Tuesday, November 29, 2011

The Drop

Fans of Connelly's L.A. detective need know no more, and if you are a mystery reader and not a fan? Pick up one of these and see if you aren't sucked in.

Bosch–named after the painter, yes–is a grizzled old murder cop who has been retired and is back on the unsolved cases squad. There are usually two or three storylines going: The main murder, which is often snagged in politics; a second case that often turns out as interesting as the first; and Harry's personal life, which involves a daughter and assorted women friends.

Bosch's creed as a detective is simple: Everyone matters or no one matters. He doggedly follows the evidence where it goes and calls it like he sees it, personal and political consequences be damned. And there are always lots of those damned consequences he'll have to deal with next time. 

This round, in The Drop, Bosch is beset with a new case involving the death of his oldest enemy's son. Suicide? Or murder? 

There is also an old rape/murder file in which DNA evidence seems to indicate it was done by an eight-year-old boy. If the DNA evidence is tainted, that could cause a shitload of problems.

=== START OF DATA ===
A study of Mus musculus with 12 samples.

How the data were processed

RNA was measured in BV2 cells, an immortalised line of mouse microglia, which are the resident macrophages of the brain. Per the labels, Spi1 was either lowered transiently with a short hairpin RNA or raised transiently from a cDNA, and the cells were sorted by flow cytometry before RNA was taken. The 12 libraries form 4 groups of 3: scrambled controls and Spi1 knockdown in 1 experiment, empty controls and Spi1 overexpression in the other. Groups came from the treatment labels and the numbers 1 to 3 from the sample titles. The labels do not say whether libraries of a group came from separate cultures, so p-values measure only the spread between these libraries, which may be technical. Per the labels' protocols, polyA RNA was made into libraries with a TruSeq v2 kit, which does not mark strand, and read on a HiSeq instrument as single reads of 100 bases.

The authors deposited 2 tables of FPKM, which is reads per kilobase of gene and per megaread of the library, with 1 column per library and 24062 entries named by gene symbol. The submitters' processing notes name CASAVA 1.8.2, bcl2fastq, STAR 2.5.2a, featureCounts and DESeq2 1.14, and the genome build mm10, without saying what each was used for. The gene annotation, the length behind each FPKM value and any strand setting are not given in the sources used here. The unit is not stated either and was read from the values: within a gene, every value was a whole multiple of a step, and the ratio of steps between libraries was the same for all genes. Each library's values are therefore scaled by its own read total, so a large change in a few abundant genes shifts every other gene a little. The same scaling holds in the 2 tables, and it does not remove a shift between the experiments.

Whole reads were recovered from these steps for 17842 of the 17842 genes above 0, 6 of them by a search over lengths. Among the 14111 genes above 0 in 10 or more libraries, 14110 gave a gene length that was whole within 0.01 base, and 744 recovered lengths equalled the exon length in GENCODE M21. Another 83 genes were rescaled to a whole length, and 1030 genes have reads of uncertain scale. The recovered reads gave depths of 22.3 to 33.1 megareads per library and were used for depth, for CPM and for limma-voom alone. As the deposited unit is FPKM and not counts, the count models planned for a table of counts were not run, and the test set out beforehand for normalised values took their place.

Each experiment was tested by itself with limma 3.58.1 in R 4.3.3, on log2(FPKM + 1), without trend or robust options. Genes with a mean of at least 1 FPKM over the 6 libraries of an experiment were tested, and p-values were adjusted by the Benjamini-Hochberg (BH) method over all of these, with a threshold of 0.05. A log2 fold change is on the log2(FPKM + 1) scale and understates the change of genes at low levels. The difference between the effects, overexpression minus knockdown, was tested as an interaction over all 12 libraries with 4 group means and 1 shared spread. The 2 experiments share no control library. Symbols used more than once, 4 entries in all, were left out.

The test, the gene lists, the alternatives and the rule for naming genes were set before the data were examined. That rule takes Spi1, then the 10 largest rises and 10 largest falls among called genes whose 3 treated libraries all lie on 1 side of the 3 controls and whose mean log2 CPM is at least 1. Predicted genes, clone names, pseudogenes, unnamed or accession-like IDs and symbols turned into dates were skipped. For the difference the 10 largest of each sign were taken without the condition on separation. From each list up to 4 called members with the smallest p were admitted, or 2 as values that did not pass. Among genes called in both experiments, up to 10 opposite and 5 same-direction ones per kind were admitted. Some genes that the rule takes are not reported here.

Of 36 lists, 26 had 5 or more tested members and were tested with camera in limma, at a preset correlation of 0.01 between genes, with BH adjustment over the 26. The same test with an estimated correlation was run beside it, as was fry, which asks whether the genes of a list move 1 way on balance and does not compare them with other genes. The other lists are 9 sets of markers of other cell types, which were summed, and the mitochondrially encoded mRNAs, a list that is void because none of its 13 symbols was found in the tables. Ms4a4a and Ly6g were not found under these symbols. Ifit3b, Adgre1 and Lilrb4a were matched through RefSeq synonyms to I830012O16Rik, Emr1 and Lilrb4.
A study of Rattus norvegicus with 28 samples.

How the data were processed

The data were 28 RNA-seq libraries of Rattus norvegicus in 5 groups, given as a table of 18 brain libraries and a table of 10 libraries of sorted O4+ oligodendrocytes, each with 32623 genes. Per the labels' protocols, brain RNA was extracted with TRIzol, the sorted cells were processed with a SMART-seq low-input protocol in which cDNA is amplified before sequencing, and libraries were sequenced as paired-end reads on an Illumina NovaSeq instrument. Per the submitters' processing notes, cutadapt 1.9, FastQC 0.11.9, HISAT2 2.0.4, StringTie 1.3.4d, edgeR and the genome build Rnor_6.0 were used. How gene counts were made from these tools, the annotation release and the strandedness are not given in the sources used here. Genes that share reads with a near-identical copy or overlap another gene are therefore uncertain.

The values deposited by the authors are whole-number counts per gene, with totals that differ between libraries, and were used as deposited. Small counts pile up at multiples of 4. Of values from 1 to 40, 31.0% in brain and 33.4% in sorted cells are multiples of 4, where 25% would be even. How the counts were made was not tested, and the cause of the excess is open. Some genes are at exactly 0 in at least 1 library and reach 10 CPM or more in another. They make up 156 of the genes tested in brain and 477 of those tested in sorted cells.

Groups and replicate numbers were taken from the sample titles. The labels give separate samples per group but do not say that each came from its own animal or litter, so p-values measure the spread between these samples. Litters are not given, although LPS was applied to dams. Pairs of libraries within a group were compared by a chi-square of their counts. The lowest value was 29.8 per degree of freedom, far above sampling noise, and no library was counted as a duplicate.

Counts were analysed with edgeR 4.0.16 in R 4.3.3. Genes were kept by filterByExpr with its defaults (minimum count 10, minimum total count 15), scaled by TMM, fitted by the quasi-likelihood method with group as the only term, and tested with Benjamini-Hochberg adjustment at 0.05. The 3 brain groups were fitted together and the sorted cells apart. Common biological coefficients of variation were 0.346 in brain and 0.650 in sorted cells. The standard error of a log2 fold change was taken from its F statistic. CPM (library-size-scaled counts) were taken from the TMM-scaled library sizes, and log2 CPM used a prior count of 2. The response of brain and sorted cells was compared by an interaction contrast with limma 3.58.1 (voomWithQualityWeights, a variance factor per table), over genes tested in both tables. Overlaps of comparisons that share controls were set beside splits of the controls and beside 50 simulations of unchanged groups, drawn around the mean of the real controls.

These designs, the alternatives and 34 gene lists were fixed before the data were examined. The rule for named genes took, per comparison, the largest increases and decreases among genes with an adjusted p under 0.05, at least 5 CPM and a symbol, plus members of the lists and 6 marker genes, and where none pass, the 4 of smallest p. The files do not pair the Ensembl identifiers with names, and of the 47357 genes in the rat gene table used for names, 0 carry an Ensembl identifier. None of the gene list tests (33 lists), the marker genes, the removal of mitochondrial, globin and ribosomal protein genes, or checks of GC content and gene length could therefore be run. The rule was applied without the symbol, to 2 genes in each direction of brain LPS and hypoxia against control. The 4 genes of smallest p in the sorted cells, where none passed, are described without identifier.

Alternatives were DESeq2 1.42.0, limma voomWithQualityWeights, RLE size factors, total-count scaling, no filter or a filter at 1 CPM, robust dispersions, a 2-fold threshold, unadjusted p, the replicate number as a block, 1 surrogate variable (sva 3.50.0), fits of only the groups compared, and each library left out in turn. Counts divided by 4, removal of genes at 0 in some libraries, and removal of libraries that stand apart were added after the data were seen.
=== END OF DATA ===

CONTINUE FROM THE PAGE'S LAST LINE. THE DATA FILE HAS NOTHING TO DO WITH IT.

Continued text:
There a new woman who has her own demons and a partner who doesn't like how Harry does things.

Connelly melds all this together with an offhand expertise and style that makes going for a drive with Harry like a visit with an old friend. I know this guy, what makes him tick, and watching him figure out whodunnit and how is always a great ride. 

There are seventeen novels featuring Bosch, and Connelly also has a second series featuring L.A. lawyer Mickey Haller, aka "The Lincoln Lawyer," so called because in the beginning, he runs his office out of his car, a Lincoln. Haller is, just to make it more fun, Bosch's half-brother. 

Been a couple of movies made from his books, including The Lincoln Lawyer and Bloodwork, directed by and starring Clint Eastwood.

Now and again, on the TV show Castle, you'll see Connelly as one of Castle's poker-playing buddies, along with Dennis Lehane, James Patterson, and the late Stephen J. Cannell.